A few months ago in U.S. v. Jones, the Supreme Court found that the government’s warrantless attachment of a Global Positioning System (GPS) tracking device to a vehicle to monitor its movement constituted a Fourth Amendment violation. You can find the Court’s opinions in their entirety here. Or, for those of you looking for a quicker summary, I wrote about the case for Harvard Law School’s Journal of Law and Technology here.
In this post, I want to focus on one point Justice Alito made in his concurrence.
Justice Alito explained that while the Fourth Amendment protects our reasonable expectation of privacy, technological changes may fundamentally alter our privacy expectations in the future such that, one day, Fourth Amendment protection for GPS-like data may disappear.
At oral arguments, Justice Alito said:
“You know, I don’t know what society expects, and I think it’s changing. Technology is changing people’s expectations of privacy. Suppose we look forward ten years, and maybe ten years from now, 90 percent of the population will be using social networking sites and they will have on average 500 friends and they will have allowed their friends to monitor their location 24 hours a day, 365 days a year, through the use of their cell phones. Then — what would the expectation of privacy be then?”
Justice Alito’s comments make the situation clear: the more we voluntarily share with each other, the less the Fourth Amendment will protect.
With that, the question becomes: will the generation that comes to age in the next ten years – a generation that may well let 500 “friends” monitor their location 24/7 – even care if the government tracks their every move? Would they find that sort of surveillance creepy? Un-American? Are they uncomfortable that a company like Target buys and aggregates large amounts of data about customers to figure out when they’re pregnant in order to clandestinely send them not-too-obviously-targeted-but-definitely-targeted coupons? In sum, what is it that makes some people cringe at the thought of constant surveillance while others barely care? And, whatever that “thing” is that encourages the cringing, is the youngest generation losing it?
One obvious answer is that first-hand experience with government surveillance is likely to leave a lasting (and negative) impression. In another GPS case, one judge noted that for “those of us who have lived under a totalitarian regime, there is an eerie feeling of déjà vu.”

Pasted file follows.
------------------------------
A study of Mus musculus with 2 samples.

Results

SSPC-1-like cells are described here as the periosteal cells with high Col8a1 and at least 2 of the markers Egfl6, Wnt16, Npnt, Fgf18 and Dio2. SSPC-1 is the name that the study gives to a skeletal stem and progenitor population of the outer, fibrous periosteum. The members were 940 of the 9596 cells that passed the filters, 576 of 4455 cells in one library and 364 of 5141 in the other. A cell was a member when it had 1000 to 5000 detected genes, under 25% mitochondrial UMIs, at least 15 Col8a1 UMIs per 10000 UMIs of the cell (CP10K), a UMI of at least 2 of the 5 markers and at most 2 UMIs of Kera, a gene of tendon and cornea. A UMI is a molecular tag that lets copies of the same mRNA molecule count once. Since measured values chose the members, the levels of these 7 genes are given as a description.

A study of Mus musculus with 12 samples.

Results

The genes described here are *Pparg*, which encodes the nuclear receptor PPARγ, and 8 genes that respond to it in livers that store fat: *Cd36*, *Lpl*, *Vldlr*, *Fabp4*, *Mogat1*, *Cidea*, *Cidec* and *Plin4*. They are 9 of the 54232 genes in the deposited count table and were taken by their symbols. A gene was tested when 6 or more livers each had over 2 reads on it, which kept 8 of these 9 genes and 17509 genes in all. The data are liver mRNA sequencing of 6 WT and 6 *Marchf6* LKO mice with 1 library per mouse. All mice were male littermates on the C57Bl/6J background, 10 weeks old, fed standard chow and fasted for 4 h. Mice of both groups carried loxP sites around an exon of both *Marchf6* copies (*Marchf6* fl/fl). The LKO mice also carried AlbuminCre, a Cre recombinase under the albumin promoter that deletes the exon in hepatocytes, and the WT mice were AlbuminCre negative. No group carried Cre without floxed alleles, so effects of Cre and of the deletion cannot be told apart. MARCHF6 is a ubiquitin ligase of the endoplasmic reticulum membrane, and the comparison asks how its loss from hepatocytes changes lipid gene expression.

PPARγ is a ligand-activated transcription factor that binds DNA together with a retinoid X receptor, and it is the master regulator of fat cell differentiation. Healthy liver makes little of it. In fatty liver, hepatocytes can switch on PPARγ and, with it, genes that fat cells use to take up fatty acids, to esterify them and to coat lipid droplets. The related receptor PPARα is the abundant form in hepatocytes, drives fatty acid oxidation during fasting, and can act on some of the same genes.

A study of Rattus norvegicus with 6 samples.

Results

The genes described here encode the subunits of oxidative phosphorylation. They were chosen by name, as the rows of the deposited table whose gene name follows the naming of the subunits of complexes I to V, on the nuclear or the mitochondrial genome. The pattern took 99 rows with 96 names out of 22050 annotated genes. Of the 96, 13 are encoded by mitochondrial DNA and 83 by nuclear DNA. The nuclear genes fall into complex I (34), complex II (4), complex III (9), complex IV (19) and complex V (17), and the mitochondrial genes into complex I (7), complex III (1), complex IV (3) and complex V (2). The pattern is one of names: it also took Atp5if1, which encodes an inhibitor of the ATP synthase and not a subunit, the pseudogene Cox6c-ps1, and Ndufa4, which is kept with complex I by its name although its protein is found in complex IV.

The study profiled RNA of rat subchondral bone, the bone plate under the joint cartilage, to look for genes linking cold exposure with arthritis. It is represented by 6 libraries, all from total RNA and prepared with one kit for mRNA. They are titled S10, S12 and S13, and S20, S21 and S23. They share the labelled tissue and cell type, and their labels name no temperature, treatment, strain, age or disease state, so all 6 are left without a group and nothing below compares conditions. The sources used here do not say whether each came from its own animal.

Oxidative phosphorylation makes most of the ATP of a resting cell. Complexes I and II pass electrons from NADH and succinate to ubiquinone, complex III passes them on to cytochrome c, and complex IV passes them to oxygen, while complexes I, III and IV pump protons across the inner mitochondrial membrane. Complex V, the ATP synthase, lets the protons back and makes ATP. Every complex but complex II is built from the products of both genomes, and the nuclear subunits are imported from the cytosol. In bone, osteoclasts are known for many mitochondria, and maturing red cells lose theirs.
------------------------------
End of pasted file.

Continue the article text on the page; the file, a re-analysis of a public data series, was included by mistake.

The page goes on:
Experience works for some, but what about the rest of us? What can make the risks feel real to the millions of kids who haven’t experienced a totalitarian regime? The very kids who, shaped by the technologies they’ve been brought up with, are, in turn, shaping future constitutional jurisprudence.
When I was a kid, I read my fair share of science fiction and fantasy. I read one novel about the government putting nanotech tracers in vaccines and categorically refused to get vaccinated until going to college. I watched one too many episodes of The X-Files and, convinced the government may be monitoring what books people checked out from the library, made sure, at the ripe old age of 8, that I put all my books on my mom’s card. I saw The Lives of Others and felt the privacy invasions at my core. While a bit tin-foil-like at times, I also wanted to be space traveler after watching Star Trek, and understand computer programming after The Matrix. I watched The Wire and really wanted the police to make their case – and if that meant GPS tracking, so be it. Point being: these different types of stories made be both incredibly excited about the potential of technology while also helping me be cognizant of potential dangers; the stories helped me understand the complexities in a way I might not otherwise have.
Will books and TV shows be able to do the same for the next generation? By growing up before the likes of Twitter and Facebook and Google, before Amazon knew more about what I thought about than anyone but my boyfriend, speculative fiction had a head start – the fiction got me to think about what could happen long before it was actually happening in real life. Today’s teens send an average of over 3300 text messages a month. They’re used to online companies constantly serving them ads. They won’t remember a time when cameras at intersections were hotly contested and just plain creepy. Given all that, the power of fiction might change.
The status quo is techno-entrenchment. Researchers know that we associate what is with what ought to be. Does fiction have the power to overcome that? Do we need it to?